European stocks fell on Wednesday after U.S. pending home sales data came in lower than expected and with investors cautious ahead of rate-setting meetings by the European Central Bank and the Bank of England on Thursday.
Data showing that job creation in the U.S. private sector rose at its slowest pace in over four years in August contributed to the deepening of the bearish mood.
The Paris CAC-40 ,Frankfurt DAX and London FTSE-100 were firmly lower, as was the FTSE CNBC Global 300 .
All sectors were in the red, with the financial sector again bearing the brunt and falling by as much as 9.8%.
In Frankfurt, Commerzbank shares fell by 2.4% despite a bullish statement in a German paper by CEOKlaus-Peter Mueller that the bank was interested in buying a 38% stake of WestLB, while Deutsche Bank shares fell by 1.9%.
Shares of U.K. bank Barclays were 2.8% down, while French bank BNP Paribas fell by 2.7%. There were some good corporate news in other sectors but they failed to lift spirits.
Booming demand at ABB helpedthe Swiss engineering group double its medium-term sales target and it announced it was looking for acquisitions. Shares fell 4% despite the bullish statement, following the general trend of the market.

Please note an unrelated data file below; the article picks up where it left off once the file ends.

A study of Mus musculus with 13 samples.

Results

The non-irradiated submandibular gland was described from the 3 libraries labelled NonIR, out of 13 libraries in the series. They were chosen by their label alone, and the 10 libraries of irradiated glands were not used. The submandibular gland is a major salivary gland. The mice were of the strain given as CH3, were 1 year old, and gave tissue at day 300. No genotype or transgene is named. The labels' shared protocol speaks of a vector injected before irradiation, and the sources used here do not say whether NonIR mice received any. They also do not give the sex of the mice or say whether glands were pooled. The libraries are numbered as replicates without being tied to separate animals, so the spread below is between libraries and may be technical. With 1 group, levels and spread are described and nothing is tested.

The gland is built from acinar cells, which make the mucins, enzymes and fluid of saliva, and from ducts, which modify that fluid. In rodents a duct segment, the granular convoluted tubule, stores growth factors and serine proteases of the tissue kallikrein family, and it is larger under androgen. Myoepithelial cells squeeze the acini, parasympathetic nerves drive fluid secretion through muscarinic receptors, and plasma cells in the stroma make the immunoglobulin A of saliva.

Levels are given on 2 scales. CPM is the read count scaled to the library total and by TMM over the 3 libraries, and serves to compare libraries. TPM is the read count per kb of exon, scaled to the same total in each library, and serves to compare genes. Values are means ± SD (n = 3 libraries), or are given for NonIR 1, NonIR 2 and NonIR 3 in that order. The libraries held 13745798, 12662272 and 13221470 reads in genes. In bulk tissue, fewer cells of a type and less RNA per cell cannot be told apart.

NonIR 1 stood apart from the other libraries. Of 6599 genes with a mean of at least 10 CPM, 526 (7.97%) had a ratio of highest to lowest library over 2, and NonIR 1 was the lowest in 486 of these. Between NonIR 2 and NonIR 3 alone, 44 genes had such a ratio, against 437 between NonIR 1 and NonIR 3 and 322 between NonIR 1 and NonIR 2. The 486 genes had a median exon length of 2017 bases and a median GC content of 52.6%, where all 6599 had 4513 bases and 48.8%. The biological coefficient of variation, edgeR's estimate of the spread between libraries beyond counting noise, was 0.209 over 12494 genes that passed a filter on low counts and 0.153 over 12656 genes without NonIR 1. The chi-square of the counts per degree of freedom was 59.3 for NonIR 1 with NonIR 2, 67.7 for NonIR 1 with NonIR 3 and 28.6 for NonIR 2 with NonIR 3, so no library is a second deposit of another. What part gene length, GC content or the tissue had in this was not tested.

Analysts said stocks were hurt by persistent fears in the market that were likely to continue.
"The fact remains that until we know exactly the damage caused by subprime lending and all the derivatives that go with it, we are going to have these gigantic, seismic waves of volatility," David Buik, from BGC Partners, told "European Closing Bell."
He said the Bank of England's intervention did little to appease money market woes, with three-month LIBOR rates climbing as high as 6.8%.
All eyes will turn to key rate-setting meetings by the European Central Bank and the Bank of England on Thursday. Both are expected to keep rates unchanged to help ease the current turmoil, but some analysts say even this may not be enough to ease interbank lending conditions.
"The only thing left for them (central banks) to do is take some of the paper that banks don't want to take from each other," Trevor Williams, Chief Economist at Lloyds TSB, told "European Closing Bell." But, he added, central banks may be reluctant to do that because they don't know either how much the paper used as collateral by banks is worth.